It's faintly amusing to see the maestros of the mainstream media saying that Donald Trump is going about winning reelection the wrong way.

Not only did virtually all its denizens see Trump losing right up until that November morning in 2016, The New York Times had an election meter that at the end gave Hillary an 85 percent chance of winning: "Mrs. Clinton's chance of losing is about the same as the probability that an NFL kicker misses a 37-yard field goal."

And it was wide right.

So maybe this guy knows something about winning elections that mere journalists don't.

But in a piece yesterday, the Times suggested that the president is pursuing a very strange strategy if he wants a second term.

Now there's a lot of good information in this story. I agree with some of the points. There are head-scratching moments when I can't figure out why Trump isn't doing more to expand his fiercely loyal but short-of-a-majority base.


Why, for instance, did Trump step on the filing of the Mueller report — a very good story for him — by making a move on ObamaCare, which has been an awful story for him? Why did he overrule some of his top aides and back a lawsuit to junk the law when he has no plan after three failed attempts at repeal with a Republican Congress? I have no clue.

I do know that too many journalists and commentators live in a liberal urban bubble, and I've been saying that for decades.

Presidents, too, can be trapped in a bubble, and that is the focus of the Times story that says the current one is almost hermetically sealed.

"He eats almost every meal in the White House or at properties he owns. His presidential travel has been limited largely to red-state campaign rallies with adoring crowds, brief appearances surveying natural disasters, official travel overseas and a handful of forays to factories. His most consistent interactions with Americans are the steady diet of tweets he sends them."

While the Times acknowledges the bubblicious nature of every presidency, the paper says Trump is comfortable there, living "in an echo chamber of his own making, an approach to the presidency that will be strenuously tested as Mr. Trump begins his campaign for re-election."

Translation: This obviously won't work.


A look at Trump's travel "shows that the president has mainly spoken to audiences who already agree with him, with the exception of his trips responding to natural disasters ... He has spent 82.5 percent of his presidency at the White House and has visited a property he owns on 224 out of 796 days, or 28.1 percent, he has been in office.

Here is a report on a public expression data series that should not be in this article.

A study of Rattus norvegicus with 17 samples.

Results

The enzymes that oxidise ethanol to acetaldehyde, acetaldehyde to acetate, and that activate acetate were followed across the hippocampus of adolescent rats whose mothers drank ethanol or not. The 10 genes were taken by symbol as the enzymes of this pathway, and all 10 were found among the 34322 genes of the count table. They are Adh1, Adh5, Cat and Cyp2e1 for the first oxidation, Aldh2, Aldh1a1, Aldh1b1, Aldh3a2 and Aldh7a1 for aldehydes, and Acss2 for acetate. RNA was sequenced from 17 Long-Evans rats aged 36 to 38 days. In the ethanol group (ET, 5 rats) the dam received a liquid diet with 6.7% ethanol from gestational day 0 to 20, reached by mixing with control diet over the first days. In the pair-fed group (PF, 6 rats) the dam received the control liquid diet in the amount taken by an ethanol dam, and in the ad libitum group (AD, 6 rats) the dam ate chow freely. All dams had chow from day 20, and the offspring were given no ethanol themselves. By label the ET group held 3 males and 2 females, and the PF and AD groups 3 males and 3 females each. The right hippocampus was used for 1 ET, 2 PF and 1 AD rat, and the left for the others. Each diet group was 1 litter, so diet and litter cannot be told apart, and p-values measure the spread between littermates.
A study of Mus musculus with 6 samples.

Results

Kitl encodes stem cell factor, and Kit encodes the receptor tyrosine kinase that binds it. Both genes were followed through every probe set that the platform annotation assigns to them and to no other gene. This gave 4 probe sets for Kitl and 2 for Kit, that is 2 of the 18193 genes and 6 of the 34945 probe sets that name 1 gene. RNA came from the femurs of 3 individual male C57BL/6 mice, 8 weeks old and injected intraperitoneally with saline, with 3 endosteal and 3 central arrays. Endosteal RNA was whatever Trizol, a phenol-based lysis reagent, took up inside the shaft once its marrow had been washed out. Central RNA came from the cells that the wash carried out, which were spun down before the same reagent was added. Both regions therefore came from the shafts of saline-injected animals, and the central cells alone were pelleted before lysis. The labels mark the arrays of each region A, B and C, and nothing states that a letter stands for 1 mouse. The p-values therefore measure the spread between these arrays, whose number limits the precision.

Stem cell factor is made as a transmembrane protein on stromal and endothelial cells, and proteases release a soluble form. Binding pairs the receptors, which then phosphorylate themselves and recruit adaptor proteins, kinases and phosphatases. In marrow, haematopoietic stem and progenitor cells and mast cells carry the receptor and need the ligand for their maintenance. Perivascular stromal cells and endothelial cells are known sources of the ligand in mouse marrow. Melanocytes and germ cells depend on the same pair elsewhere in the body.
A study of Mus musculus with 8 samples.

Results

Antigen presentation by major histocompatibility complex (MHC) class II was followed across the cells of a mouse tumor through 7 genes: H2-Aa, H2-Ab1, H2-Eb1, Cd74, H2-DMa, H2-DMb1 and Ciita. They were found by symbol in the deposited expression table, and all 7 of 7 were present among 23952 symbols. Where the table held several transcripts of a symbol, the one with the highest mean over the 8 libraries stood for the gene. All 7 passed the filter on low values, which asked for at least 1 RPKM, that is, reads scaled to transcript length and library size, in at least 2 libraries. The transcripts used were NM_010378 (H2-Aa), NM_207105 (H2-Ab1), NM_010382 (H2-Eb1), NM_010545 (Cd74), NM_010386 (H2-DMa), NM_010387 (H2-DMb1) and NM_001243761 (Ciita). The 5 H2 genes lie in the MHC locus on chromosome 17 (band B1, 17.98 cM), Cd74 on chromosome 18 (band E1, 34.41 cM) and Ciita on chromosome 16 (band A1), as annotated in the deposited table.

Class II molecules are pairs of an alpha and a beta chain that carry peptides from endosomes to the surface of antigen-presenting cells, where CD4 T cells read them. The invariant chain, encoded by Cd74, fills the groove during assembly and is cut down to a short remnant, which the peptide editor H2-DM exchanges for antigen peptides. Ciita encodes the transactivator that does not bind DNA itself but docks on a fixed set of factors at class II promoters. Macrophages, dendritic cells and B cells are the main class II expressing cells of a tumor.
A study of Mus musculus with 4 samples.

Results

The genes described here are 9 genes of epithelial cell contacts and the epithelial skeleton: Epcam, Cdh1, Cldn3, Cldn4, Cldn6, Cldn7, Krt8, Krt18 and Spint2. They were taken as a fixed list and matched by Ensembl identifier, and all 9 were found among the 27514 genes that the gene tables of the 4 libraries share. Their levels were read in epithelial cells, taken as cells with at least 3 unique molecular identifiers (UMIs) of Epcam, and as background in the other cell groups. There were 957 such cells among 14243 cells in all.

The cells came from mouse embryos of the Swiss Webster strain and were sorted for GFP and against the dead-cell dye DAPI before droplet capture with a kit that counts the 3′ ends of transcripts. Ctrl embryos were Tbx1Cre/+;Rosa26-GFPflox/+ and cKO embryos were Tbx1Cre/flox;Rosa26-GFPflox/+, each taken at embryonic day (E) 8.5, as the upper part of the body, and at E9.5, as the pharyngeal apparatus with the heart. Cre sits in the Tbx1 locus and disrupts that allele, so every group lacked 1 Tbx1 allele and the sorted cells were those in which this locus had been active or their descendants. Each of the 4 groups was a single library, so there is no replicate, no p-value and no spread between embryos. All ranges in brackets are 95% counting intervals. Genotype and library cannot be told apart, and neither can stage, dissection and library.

"He has visited 38 states, but that masks the extent to which he has concentrated his time in states that voted for him for president: nine visits to Missouri and West Virginia, eight to Texas and North Carolina, for example. Mr. Trump continued that pattern through the midterm elections, making only three campaign appearances in states that he did not win in 2016."

Oh, and Trump has eaten only five times at the home of supporters (he has that nice hotel five blocks down Pennsylvania when he wants to go out, or that Palm Beach spread).

The paper concedes that LBJ and Richard Nixon were trapped in bubbles by war and scandal, but says Barack Obama, among other things, liked to go to Five Guys.

I have two major caveats here. While Trump does need to expand his base, intensity is also crucial. Once he's not just running against a Generic Democrat, the level of turnout among his supporters could be the difference between 2016 and 2018.

What’s more, Trump isn't only surrounded by sycophants because he watches a whole lot of television. And while Fox News is clearly his preferred network, it's clear from his tweeting that he also hate-watches MSNBC and CNN, which means he's hearing a whole lot of criticism.

That's why Trump tweeted yesterday that ratings at those two networks — and he singled out "Morning Joe" — "tanked" in the wake of the Mueller report. (That could be temporary, of course, and Joe Scarborough responded that his show is breaking its ratings records and Trump is only at 34 percent in New Hampshire.)

Now listening to a bunch of pundits is obviously not the same as engaging in the real America, but it's not being in a windowless bunker, either.

Trump is not much of a glad-hander. You don't see him working rope lines. He doesn't have those reflexes because he didn't grow up in the baby-kissing environment of retail politics. And yet in this social media age, his supporters don't seem to mind.

Maybe Trump does need to get in front of more less-than-adoring crowds, but it's a long way to Election Day.


For his part, the president yesterday delivered this shot:

"The Fake News Media is going Crazy! They are suffering a major 'breakdown,' have ZERO credibility or respect, & must be thinking about going legit. I have learned to live with Fake News, which has never been more corrupt than it is right now. Someday, I will tell you the secret!"

That's what we in the news business call a tease.